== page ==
A near-miraculous cancer treatment drug has had a great impact on patients with advanced cancer. The drug works by activating PD-1, a protein on the surface, and blocks tumor protein PD-L1 from suppressing T cells.
A 65-year-old endometrial cancer patient who was still healthy and mobile was put under treatment with this drug. Three weeks into treatment, her liver, and abdominal tumors were not responding as expected. Instead, they had significantly grown into the size of an orange. Although she was not going to survive cancer per the initial oncologist report, this drug had brought her closer to death.
After gathering papers, narrative reports, and analysis findings of such tumors, there is uncertainty. Some analysts wonder whether the tumors would have grown regardless of whether the patients were to be exposed to the checkpoint inhibitor treatment. Having specialists torn into two, researchers are trying to find out if the rapid tumor progression is real. If so, they will work towards identifying markers that will separate those who should receive these drugs and the ones to avoid.
Hyper progression cases
The first hyper progression concerns arose in 2016 when 12 out of 131 patients’ tumors had a double growth rate in a span of 3 months into anti-PD-1 treatment. Since then there have been about six groups of reported checkpoint inhibitor cases of triggered hyper-progression with 7% in various cancers and about 20% for neck and head tumors.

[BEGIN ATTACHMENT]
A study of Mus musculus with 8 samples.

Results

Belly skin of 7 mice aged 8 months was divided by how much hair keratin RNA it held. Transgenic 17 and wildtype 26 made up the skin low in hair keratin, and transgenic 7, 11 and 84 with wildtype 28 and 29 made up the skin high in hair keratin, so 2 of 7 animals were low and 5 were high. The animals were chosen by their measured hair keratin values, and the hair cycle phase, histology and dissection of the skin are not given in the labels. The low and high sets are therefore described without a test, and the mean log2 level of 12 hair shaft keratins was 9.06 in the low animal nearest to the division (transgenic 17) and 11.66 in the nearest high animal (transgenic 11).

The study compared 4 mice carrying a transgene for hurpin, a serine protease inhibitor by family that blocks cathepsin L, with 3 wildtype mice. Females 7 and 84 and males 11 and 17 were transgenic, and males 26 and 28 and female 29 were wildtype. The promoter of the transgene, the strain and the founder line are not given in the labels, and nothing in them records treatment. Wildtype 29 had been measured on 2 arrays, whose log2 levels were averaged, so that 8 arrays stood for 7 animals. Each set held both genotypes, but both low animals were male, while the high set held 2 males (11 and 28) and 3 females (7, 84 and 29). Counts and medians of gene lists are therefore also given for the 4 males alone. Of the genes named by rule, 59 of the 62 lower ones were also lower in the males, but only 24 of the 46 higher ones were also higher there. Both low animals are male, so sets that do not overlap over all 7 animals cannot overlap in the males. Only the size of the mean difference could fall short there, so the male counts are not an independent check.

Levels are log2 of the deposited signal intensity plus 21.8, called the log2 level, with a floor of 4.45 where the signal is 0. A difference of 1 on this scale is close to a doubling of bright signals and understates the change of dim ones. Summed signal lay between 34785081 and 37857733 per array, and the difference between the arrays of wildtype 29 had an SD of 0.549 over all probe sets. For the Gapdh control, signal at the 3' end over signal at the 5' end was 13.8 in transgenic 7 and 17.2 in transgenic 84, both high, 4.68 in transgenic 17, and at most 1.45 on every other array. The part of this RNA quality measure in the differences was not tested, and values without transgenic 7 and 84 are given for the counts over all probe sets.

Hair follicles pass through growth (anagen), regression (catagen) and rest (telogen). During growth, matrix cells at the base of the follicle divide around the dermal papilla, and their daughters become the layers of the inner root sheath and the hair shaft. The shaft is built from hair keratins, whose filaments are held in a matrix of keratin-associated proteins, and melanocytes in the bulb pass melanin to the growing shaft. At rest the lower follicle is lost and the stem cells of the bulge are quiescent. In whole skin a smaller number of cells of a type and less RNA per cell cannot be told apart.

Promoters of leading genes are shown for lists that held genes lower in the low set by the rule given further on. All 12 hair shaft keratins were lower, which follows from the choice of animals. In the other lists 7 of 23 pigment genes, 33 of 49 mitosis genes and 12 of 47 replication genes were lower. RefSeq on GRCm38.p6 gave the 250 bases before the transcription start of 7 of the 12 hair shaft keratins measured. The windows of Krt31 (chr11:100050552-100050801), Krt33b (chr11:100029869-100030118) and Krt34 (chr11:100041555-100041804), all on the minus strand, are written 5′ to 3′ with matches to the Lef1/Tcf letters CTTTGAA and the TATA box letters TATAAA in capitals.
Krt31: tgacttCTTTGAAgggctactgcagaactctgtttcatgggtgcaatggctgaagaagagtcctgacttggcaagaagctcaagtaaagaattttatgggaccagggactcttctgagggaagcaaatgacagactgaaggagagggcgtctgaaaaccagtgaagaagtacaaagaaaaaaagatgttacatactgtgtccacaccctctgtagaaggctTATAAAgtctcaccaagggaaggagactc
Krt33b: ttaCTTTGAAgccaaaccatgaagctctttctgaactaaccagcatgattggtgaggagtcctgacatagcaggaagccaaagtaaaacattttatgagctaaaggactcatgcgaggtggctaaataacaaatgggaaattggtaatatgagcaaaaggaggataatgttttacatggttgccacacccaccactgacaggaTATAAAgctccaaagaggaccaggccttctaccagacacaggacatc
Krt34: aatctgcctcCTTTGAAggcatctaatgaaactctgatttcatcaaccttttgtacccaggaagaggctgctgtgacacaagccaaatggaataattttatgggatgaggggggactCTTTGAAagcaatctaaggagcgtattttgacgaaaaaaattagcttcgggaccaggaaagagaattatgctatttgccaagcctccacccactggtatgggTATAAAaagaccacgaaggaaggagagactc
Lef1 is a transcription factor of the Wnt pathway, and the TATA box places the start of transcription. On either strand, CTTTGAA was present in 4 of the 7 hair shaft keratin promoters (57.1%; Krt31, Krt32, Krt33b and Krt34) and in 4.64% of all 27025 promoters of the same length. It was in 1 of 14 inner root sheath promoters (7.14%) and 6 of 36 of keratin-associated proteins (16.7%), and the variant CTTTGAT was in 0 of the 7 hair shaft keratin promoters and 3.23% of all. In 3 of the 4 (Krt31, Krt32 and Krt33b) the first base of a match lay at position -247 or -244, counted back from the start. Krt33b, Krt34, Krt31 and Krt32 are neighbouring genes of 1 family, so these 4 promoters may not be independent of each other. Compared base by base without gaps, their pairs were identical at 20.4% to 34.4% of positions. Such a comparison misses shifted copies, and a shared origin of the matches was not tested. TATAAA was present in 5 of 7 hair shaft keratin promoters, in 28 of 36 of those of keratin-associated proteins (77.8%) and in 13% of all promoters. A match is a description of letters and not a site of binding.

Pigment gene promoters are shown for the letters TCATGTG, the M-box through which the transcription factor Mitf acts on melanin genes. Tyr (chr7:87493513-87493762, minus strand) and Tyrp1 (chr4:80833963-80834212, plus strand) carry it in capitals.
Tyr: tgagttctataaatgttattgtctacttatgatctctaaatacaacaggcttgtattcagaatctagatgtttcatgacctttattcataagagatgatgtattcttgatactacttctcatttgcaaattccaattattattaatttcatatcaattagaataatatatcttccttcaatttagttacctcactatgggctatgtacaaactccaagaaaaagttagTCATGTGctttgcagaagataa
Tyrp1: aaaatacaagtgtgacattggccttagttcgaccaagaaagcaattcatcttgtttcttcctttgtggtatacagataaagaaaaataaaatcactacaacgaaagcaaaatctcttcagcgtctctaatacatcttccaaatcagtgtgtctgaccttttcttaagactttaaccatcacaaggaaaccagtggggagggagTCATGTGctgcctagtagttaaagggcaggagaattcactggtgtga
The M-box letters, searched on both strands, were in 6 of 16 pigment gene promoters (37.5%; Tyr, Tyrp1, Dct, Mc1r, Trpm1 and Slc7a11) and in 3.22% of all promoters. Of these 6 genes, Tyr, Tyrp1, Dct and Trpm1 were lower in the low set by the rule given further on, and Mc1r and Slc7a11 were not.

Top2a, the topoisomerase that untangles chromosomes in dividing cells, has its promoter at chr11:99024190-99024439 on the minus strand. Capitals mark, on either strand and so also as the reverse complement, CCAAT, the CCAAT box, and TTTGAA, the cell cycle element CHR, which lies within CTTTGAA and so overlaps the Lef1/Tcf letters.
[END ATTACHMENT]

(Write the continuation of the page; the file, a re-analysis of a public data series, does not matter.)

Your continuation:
Hyper-progression remains a mystery as nobody has proven the relationship between the tumor rapid reaction and the anti-PD-1 drugs. It is cautioned that the spur might be the natural course of the disease, noting that at one point in cancer treatment things tend to go south fast. Additionally, there is no definite way to measure a standard rate of growth as every individual case is different. Without a standard measure, it becomes hard to get a point of reference or grounds to base hyper-progression claims.
Studies to establish the cause
A current study using mouse models and cancer cell lines is underway. This was after a clue was found in patients with hyper-progressive tumors. Most patients had mutations in cancer genes EGFR, MDM2, or MDM4. In the study, these genes undergo alterations in an attempt to find the connection to growth accelerating molecules.
In another study, immune cells known as macrophages found around tumors are suspected to suppress anticancer responses. It was observed that tumors developed fast in mice subjected to the anti-PD-1 drug compared to those that did not.
However, none of these studies have conclusively established the primary cause of tumor hyper-progression and its relationship to the anti-PD-1 drug such as Cemiplimab, Pembrolizumab, and Nivolumab. Researchers are still looking for baseline biological and clinical variables to identify which patients are best suited for the anti-PD-1 treatment.
If specialists can identify the genetic traits and other biomarkers that indicate individual reactions, patients can be able to either access or avoid PD-1 inhibitors from the onset of their cancer treatment. Establishing the cause of hyper-progression would be a medical milestone in the cancer field. It would be easy to map a treatment plan once the risks are identified at the initial biopsy.